Saturday, May 25, 2013
By RONALD N. DUPUIS JR. and LISA G. MARTIN
Maine needs a strategy that provides a road map for a cost-effective, collaborative and data-driven system that will address education and training needs for Maine industry.
A random sampling in December of manufacturers in Maine showed that more than 230 good-paying jobs were unfilled due to lack of skilled labor.
2006 File Photo/Press Herald
The Manufacturers Association of Maine has provided a strategy proposal to Gov. Paul LePage that provides guidelines for policy development and resources for an industry partnership and sector strategy so that all manufacturing sectors network as one industry voice. Maine's Industry Partnership/Sector Strategy is applicable to all industries in Maine.
Traditionally, Maine has focused on workers without jobs, who represented approximately 7 percent of the population. A majority of state and federal funds were used to support this population of displaced workers through unemployment services. The focus shifted away from the remaining 93 percent of the incumbent work force.
Although the unemployed should receive relief at some level, industry partnerships would focus on the incumbent work force priorities, which include pipeline and career ladder development. This is important to retain skilled workers, increase the available labor pool, and address skill gaps that arise due to emerging technologies and business opportunities.
This would provide Maine companies the ability to stay ahead of the curve and collaborate with other industry sectors in the use of best practices to address industries' most fundamental and skill development needs.
Collaboration among the Maine industry partnerships, work force development and education systems are endless but must be viewed as a long-term relationship.
Maine's Industry Partnership/Sector Strategy that has been developed provides the structure to identify and act quickly on common interests across a large and varied set of stakeholders. This strategy is built on the very successful model employed in Pennsylvania.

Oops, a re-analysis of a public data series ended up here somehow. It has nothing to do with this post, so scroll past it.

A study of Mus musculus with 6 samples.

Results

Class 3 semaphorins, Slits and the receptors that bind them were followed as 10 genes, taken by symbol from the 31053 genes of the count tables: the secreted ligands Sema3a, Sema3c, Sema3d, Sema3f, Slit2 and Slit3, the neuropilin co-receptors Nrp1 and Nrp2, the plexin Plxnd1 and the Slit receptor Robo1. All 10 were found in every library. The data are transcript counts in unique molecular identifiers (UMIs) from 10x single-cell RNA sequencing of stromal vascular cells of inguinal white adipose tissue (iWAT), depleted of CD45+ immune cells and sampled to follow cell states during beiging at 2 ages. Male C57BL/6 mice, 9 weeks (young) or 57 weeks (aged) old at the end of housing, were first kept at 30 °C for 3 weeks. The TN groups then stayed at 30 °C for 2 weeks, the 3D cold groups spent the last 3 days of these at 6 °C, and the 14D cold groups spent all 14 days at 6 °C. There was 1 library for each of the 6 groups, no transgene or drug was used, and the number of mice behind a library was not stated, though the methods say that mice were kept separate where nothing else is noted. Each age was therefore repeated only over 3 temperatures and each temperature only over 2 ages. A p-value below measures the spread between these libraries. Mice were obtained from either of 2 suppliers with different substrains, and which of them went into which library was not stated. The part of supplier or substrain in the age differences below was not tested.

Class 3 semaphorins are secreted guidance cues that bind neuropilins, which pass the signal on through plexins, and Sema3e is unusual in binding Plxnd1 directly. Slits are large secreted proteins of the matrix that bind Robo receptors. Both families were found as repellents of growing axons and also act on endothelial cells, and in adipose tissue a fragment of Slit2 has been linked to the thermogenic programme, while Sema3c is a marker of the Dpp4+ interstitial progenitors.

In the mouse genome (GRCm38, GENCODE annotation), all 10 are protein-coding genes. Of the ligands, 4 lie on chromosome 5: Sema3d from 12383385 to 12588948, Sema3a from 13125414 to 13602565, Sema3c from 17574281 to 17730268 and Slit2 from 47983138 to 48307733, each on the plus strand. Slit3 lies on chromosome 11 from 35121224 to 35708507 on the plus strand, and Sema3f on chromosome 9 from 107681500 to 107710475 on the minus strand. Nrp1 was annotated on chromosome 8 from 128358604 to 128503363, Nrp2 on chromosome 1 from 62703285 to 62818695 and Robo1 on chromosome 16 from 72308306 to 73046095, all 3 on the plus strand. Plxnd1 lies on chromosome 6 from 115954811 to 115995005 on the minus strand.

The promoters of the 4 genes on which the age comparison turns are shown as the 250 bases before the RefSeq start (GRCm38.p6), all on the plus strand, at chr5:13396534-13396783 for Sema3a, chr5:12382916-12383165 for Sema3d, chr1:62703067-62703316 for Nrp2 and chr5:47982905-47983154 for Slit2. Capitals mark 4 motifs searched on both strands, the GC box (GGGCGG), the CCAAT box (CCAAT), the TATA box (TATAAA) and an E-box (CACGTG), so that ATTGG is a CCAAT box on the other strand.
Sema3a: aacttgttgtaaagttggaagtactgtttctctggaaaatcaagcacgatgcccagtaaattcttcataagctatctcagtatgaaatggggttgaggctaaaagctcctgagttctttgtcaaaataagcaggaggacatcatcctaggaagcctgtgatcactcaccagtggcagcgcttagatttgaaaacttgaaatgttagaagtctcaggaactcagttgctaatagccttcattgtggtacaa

Today in Maine, two industry sectors are moving in parallel to establish and implement the Maine industry partnership model. The health care and manufacturing sectors are using this innovative approach to foster critical partnerships. This model can be replicated in all industries and can be applied in a strategic and deliberate manner to support Maine businesses and industry.
As Maine continues to forge ahead to strengthen its economy, businesses will need skilled and educated workers to fill jobs. Maine's manufacturing sector is positioned to address both a short- and long-term fix.
Building long-term relationships is the answer for Maine's manufacturing industry. Part of that picture is real training that leads to jobs.
Industry partnerships are critical to the competitiveness and productivity of Maine's work force because they account for the needs of employers, educational providers and workers.
There are two key themes regarding the concerns around the quantity and quality of workers interested in manufacturing employment in Maine.
The first theme relates to the insufficient pipeline of skilled manufacturing technicians to replace incumbent workers who will soon retire. The second theme is that manufacturing workers are often unprepared to adapt to an increasingly changing manufacturing environment.
The industry partnerships will focus on workers' desire to develop in their own careers; displaced and unemployed workers who are so important to support during tough economic times; and businesses that want to remain competitive and survive.
Many companies today are finding it hard to fill open positions, not because of the unavailability of workers but because of the unavailability of skilled workers for the positions they have.
At the Manufacturers Association of Maine, a random sampling of 40 of our association members in December showed more than 230 good-paying jobs unfilled. Our members were concerned because they knew the effort to fill these jobs would be difficult. Maine's shortage of a skilled work force in manufacturing is hurting the state's economy.
Examples of key manufacturing occupations are manufacturing engineers, CNC (computer numerically controlled) machinists, fabricators, machine assemblers, welders, planners/buyers, industrial maintenance technicians and precision machinists, to name just a few.
These are the reasons work force development, the education system and industry must work together to meet the needs of businesses and workers in the Maine, and Maine's Industry Partnership/Sector Strategy will support those needs in the future.
Ronald N. Dupuis Jr. is vice chairman of the board of the Manufacturers Association of Maine. Lisa G. Martin is the association's executive director.